My graph consists of a computer network topology where each vertex is a physical node/device (depicted using its IP address). Two vertices will have an edge if the nodes have had communication with each other. We call each communication a conversation, which will have multiple packets transferred in both directions. Multiple edges between two nodes are thus obvious.

For any conversation, I need to capture multiple features, such as:

  1. Bytes transferred between the two nodes
  2. No. of packets transferred between the nodes
  3. The duration of data transfer between the nodes
  4. The inter-arrival time of packets between the nodes

While trying to find communities in my graph, I am coming across certain difficulties:

  1. Should I go for multi-attribute edges (with each of the above feature taken as a weight), or should I be taking something like weighted average of all features and make them a single attribute?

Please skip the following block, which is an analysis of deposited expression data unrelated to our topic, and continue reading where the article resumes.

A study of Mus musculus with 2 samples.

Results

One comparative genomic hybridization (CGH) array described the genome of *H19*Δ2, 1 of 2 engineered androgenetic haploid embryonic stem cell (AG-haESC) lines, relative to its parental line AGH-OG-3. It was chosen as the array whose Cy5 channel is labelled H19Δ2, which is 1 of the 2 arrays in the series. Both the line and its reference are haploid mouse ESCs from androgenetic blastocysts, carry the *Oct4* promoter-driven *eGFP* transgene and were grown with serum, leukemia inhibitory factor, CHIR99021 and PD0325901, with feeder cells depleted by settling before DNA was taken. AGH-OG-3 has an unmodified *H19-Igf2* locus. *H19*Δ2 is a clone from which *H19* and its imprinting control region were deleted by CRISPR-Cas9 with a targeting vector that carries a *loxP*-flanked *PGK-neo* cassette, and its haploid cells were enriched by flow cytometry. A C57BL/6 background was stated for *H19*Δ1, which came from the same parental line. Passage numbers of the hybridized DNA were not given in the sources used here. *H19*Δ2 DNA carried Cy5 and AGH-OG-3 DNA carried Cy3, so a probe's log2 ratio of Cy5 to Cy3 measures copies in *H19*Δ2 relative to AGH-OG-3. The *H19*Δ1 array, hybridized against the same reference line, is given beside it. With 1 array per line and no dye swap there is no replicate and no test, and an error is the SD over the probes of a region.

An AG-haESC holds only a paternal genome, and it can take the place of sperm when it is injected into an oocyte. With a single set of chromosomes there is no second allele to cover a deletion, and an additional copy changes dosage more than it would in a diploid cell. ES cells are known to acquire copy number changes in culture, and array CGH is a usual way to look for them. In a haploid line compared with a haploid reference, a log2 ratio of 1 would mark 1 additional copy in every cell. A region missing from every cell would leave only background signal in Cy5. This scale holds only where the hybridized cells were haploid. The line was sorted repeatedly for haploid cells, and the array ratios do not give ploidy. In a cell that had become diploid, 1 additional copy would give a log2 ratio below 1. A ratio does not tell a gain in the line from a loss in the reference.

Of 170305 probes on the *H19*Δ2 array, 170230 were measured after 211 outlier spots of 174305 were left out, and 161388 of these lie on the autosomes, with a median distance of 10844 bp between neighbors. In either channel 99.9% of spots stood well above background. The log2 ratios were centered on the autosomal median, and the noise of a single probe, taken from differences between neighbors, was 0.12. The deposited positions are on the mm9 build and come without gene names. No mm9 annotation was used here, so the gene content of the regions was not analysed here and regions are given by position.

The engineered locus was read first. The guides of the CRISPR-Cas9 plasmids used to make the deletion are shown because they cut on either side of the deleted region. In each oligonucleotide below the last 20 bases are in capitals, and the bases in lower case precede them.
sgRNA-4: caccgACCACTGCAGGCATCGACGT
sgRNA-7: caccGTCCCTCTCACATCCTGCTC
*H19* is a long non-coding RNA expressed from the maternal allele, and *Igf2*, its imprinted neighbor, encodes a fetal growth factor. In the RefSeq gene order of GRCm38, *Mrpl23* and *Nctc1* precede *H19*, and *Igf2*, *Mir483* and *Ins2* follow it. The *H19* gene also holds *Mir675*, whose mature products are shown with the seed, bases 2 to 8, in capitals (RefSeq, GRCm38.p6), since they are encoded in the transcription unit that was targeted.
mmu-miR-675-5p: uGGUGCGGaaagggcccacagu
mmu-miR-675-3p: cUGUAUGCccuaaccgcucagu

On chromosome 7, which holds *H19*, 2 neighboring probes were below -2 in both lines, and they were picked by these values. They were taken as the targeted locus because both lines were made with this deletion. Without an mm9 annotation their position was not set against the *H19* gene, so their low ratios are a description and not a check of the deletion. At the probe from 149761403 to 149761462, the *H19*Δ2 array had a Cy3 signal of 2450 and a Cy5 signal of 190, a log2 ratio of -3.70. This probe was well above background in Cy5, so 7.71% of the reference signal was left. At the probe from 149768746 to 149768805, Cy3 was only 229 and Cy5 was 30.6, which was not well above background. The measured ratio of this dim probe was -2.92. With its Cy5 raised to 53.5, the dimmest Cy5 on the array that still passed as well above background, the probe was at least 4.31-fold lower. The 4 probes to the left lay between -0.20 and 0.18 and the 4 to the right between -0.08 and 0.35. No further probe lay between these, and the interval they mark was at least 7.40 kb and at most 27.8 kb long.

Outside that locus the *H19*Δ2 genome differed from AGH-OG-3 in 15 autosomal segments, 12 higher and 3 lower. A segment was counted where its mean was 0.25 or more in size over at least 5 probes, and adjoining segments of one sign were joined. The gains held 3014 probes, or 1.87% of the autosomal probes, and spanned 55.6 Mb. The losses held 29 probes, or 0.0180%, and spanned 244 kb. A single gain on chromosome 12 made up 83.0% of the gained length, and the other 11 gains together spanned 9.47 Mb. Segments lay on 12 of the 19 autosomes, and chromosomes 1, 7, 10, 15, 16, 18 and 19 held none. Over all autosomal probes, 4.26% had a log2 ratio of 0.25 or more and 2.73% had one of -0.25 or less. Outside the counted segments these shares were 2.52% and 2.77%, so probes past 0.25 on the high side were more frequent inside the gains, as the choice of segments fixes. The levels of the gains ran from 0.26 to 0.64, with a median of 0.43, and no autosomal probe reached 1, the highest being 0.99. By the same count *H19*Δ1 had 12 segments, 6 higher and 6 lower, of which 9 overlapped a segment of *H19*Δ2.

2. Will I obtain better results if each of the above feature is taken as a separate edge-attribute? If so, how and why?. Does it influence 'modularity' calculations? Again, how? (Links to past works or papers will do)
  3. What algorithms may suit my task well? I do not know about other algorithms apart from Louvain (igraph implementation).

First off, community detection is a also known as graph clustering. They are the exact same thing. Second, I am not aware of any widely used program that works on multi-graphs. The current state of affairs is that you should incorporate your domain-specific knowledge to combine information into a single edge weight and cluster thusly. It is possible of course to create more than one graph and cluster them independently. It could be interesting to analyse/reconcile such groups; it depends on the questions that you are asking. Well known graph clustering algorithms are indeed Louvain, also RNSC, MCL, APC.